Elusive search for footage of women ageing naturally
As any regular moviegoer could attest, it is a truth regretfully acknowledged that to glimpse an actress with a wrinkled forehead has become a rarer occurrence than a genuine sighting of a UFO.
So perhaps it was inevitable that photographs of the fortysomething stars (indeed fiftysomething, in the case of cast member Kim Cattrall) of the upcoming Sex And The City sequel would unsettle a public unaccustomed to a mature-age woman playing a character outside the confines of mother/grandmother.
Captured on location in New York, the shots reveal Sarah Jessica Parker and her on-screen cohorts in an array of characteristically fashion forward outfits (1980s flashbacks notwithstanding).
So far, so predictable. And yet with the film’s release almost a year away, mutterings have already begun that any high-budget feature relying on a middle-aged female cast must be doomed to fail. No matter that its predecessor netted more than $400 million when it opened last winter – if some of the online sniping is to be believed, the storyline should be set in a Manhattan nursing home.
This week a local gossip magazine reported on the apparent “ageing crisis” confronting Sex And The City 2’s producers. Not only are the allegedly anxious film-makers far from ready for their well-preserved stars having their close-ups, but are said to be concerned that at 44, Parker is too old to continue in her signature role.
Debate over mutton dressed as lamb is one thing – it seems to be a conversation we’re forced to have every time Madonna leaves the house – but to question the capacity of a fictional character to age is nothing short of absurd. As a figment of the screenwriters’ imagination, there’s no reason Carrie Bradshaw cannot physically mature at the same pace as the woman portraying her.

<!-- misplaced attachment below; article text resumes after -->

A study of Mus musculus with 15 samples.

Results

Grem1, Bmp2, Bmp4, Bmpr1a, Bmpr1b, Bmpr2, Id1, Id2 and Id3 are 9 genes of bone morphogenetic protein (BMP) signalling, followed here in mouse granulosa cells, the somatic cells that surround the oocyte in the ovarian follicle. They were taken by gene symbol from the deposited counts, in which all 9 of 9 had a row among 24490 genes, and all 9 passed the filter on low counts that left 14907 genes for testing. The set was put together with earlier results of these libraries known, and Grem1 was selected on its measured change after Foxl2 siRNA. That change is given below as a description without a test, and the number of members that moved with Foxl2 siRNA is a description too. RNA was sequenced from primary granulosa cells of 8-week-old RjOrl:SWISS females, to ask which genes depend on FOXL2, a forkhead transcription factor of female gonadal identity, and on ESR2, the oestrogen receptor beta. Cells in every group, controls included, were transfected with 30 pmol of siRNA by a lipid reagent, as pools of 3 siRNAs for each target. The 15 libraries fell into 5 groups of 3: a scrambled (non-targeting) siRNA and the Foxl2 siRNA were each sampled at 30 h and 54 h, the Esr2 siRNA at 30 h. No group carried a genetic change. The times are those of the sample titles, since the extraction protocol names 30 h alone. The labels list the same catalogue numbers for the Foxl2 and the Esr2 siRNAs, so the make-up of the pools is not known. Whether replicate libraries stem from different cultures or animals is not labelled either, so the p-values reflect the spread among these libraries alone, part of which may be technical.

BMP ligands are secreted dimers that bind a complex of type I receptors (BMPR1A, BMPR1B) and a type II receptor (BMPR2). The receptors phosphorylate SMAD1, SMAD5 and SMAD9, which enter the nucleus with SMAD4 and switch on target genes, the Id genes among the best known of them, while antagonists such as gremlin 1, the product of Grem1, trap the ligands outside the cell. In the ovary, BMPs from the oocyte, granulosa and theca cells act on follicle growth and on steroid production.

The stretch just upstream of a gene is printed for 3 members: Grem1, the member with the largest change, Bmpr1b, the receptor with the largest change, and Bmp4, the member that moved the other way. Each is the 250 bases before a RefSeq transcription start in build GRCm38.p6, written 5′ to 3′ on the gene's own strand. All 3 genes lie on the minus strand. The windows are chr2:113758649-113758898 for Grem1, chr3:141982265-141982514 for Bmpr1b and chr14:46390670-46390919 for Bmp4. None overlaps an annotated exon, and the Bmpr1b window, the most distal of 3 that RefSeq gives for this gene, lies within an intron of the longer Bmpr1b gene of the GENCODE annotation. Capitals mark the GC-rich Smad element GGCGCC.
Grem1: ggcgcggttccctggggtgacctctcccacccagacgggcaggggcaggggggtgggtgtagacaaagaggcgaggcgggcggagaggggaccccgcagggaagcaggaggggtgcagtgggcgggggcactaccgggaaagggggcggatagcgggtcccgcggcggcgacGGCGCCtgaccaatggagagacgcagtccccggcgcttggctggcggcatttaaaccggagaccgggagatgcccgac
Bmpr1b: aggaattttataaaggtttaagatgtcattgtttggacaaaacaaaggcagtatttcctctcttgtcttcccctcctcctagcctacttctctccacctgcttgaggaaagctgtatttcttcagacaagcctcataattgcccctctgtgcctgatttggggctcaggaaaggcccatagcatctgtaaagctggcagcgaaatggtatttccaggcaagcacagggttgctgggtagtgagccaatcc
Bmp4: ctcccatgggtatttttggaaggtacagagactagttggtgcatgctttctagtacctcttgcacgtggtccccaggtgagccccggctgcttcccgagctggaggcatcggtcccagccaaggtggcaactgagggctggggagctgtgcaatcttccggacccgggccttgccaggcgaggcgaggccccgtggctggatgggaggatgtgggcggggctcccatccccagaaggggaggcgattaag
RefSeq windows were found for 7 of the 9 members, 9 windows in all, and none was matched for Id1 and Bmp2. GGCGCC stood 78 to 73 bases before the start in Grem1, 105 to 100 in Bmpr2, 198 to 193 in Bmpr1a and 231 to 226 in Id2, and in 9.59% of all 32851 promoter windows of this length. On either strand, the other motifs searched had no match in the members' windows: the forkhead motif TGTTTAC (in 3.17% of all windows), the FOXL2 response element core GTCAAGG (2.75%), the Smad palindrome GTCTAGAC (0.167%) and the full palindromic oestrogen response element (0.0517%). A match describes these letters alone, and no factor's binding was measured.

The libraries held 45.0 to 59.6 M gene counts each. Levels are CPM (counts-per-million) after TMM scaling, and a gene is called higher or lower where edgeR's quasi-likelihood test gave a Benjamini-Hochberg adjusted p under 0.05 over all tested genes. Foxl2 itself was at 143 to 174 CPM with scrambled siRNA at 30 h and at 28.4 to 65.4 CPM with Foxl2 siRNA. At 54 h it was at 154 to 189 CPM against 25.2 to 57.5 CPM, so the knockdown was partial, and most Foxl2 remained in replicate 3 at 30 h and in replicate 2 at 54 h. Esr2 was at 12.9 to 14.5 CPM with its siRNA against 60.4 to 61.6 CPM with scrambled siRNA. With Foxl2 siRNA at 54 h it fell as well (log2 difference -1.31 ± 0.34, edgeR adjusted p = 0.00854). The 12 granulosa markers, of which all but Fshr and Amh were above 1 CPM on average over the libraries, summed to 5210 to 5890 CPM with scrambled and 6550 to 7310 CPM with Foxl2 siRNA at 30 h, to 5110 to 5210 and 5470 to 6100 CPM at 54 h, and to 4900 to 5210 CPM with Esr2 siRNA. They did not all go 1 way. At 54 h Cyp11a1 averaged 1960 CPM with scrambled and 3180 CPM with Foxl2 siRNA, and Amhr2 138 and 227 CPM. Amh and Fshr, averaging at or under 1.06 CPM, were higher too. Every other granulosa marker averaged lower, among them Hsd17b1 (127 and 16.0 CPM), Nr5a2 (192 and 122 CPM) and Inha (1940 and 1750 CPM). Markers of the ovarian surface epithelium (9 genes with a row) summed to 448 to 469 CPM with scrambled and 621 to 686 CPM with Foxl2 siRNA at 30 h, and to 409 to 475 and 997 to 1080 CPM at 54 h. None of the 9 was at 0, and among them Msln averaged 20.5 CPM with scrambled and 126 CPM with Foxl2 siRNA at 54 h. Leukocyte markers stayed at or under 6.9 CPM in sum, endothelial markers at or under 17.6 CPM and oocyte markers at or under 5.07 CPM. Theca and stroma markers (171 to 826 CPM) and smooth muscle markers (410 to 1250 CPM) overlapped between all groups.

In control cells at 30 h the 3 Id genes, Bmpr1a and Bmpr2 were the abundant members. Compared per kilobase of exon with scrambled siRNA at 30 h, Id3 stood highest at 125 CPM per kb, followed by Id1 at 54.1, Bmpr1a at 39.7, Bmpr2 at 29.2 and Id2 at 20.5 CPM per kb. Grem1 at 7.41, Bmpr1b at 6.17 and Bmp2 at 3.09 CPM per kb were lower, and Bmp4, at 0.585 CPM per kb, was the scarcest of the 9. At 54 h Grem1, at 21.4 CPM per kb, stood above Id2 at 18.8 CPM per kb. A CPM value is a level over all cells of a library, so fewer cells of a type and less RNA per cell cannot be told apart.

Why presume Bradshaw must remain forever young? It’s not as though they’re shooting a cinematic adaptation of Doogie Howser MD and have cast Warren Beatty in the title role.
Ironically there are legitimate reasons to fear the finished product when the SATC sequel eventually arrives in cinemas. Despite its box-office triumph, the first film fell well below the calibre of script writing that audiences had come to expect from the television series. In the transition to the big screen originality gave way to product placement; wit gave way to contrivance and insight gave way to hype.
And yet, for all its failings, the movie cemented a franchise that unashamedly celebrated female solidarity, and helped a generation of women feel a little bit better about themselves. Which is the very reason it’s so disappointing to see the well-heeled quartet’s next venture subjected to the kind of snide whispers that somehow elude their male peers.
I don’t recall reports of on-set meltdowns on the testosterone centric likes of Ocean’s Thirteen or The Departed. Where was the hysteria over Jack Nicholson’s deep-set lines? Did I miss the speculation as to how Brad Pitt and Leonardo DiCaprio felt pressured to cling to their boyish good looks?
It’s a double standard that benefits no-one. So long as it exists, actresses who wish to work beyond their teenage years will resign themselves to spending more time in the presence of Botox practitioners than they do learning their lines.
And the rest of us will be forced to browse the black and white classics in the DVD store when we want to remember what it looked like when a woman’s face actually moved on screen.